Kris Shaffer, University of Colorado–Boulder and Bryn Hughes, The University of Miami
“Flipping the class” is a hot topic in education today. In fact, the “flipped classroom” has become somewhat of a buzzword in some education—and especially education technology—circles. However, as some use this relatively new term uncritically, and others seek to co-opt it to hawk a product, confusion has grown around it, and many are unclear as to what a “flipped” class is.
In the following three essays, Bryn Hughes and Kris Shaffer offer some clarification about the “flipped” or “inverted” class illustrating three pedagogical models from the flipped-class movement that have proven successful in higher-ed settings, with examples from university-level music courses. Those three models are the basic flip, peer instruction with just-in-time teaching, and inquiry-driven learning. Though each of these models are fast becoming buzzwords in their own right, they each have much to offer the university instructor who seeks to increase their pedagogical effectiveness and help students take charge of their own learning. And though these three models can look quite different in practice, they all have the same underlying objectives: to put the student, rather than the instructor or the progression of content, at the center of the class, and to use in-class and out-of-class time as effectively as possible to help students meet the course goals.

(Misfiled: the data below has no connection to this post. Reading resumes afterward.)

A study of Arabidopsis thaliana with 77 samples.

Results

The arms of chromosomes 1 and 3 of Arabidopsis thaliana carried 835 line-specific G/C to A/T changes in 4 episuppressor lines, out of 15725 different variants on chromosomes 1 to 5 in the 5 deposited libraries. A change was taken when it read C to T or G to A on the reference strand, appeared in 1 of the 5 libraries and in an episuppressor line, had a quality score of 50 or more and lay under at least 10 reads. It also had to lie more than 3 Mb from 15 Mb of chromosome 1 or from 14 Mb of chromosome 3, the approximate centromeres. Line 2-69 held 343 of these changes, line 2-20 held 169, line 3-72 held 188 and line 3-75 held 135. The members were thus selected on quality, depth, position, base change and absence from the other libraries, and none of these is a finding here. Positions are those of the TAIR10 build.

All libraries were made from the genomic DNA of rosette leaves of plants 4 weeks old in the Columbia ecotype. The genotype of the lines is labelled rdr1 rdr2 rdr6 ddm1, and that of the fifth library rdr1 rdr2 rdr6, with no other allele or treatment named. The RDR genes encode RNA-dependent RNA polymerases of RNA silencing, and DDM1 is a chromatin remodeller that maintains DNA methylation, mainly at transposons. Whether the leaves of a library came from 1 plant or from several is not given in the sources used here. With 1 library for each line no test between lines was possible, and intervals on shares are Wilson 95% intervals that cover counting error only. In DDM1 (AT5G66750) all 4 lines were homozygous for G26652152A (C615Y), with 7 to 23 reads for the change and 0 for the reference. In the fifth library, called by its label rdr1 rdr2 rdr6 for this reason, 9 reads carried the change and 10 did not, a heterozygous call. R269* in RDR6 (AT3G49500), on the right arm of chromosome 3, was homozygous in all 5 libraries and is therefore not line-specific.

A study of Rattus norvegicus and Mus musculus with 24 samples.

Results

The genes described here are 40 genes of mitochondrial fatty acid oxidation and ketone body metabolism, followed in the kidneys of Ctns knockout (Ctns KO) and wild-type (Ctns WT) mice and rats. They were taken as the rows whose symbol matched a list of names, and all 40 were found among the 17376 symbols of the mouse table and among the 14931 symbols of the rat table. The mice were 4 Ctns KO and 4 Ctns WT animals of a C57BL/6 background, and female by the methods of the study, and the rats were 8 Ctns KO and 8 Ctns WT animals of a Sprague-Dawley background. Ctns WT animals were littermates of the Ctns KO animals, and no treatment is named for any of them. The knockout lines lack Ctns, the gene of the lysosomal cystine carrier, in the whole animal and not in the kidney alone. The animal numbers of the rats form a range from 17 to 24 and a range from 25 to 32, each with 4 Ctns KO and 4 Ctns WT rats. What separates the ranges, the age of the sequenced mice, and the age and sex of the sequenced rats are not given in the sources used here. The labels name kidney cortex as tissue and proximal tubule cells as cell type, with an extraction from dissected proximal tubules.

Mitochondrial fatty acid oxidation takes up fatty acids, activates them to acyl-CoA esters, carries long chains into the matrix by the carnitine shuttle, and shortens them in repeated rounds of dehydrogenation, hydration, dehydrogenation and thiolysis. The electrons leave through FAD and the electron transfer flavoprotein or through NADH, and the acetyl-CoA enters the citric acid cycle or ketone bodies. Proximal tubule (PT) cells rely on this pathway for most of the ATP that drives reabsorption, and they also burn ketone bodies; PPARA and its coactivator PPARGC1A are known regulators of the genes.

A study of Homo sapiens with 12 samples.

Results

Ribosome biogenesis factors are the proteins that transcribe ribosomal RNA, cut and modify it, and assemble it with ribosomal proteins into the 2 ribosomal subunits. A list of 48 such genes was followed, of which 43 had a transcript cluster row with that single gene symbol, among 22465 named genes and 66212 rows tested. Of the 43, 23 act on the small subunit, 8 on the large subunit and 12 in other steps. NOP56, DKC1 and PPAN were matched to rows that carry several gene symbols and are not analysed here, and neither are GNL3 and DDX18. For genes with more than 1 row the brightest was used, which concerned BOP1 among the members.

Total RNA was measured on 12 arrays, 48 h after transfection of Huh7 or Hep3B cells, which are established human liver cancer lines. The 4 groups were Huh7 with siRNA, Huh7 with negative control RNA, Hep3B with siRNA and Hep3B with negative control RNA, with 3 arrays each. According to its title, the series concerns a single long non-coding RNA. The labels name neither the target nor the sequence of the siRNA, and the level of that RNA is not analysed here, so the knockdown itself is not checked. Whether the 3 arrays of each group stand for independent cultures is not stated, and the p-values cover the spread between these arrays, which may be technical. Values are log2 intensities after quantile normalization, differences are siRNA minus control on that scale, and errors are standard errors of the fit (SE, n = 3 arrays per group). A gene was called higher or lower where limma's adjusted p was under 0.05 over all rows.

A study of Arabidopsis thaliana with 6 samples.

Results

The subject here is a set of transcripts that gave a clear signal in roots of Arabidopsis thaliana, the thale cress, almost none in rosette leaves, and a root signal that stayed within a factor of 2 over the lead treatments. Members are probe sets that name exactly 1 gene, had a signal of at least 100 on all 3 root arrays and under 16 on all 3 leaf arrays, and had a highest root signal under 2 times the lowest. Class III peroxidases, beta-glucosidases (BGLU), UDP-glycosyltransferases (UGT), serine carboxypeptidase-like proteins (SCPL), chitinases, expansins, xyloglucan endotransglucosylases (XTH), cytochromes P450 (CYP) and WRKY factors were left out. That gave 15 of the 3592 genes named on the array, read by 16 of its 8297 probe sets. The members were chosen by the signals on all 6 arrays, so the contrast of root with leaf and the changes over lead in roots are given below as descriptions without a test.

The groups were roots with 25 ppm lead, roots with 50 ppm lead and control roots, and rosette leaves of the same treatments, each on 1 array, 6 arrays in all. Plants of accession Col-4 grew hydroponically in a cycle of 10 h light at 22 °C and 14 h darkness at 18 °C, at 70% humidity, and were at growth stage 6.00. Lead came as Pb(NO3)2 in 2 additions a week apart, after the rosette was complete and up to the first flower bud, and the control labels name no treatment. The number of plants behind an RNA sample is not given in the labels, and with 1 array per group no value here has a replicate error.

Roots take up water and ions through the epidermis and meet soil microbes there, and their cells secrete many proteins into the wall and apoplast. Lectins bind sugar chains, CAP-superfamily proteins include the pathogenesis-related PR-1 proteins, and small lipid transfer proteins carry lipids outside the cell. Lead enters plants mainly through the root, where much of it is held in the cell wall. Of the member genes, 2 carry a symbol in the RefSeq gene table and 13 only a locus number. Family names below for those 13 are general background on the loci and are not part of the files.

The inverted class is certainly not the only way to accomplish these objectives, but it is an effective framework for helping individual students meet their educational goals in the variety of ways that are best to them, even in the context of a whole-class setting.
This work is copyright 2013 Kris Shaffer and licensed under a Creative Commons Attribution-ShareAlike 3.0 Unported License.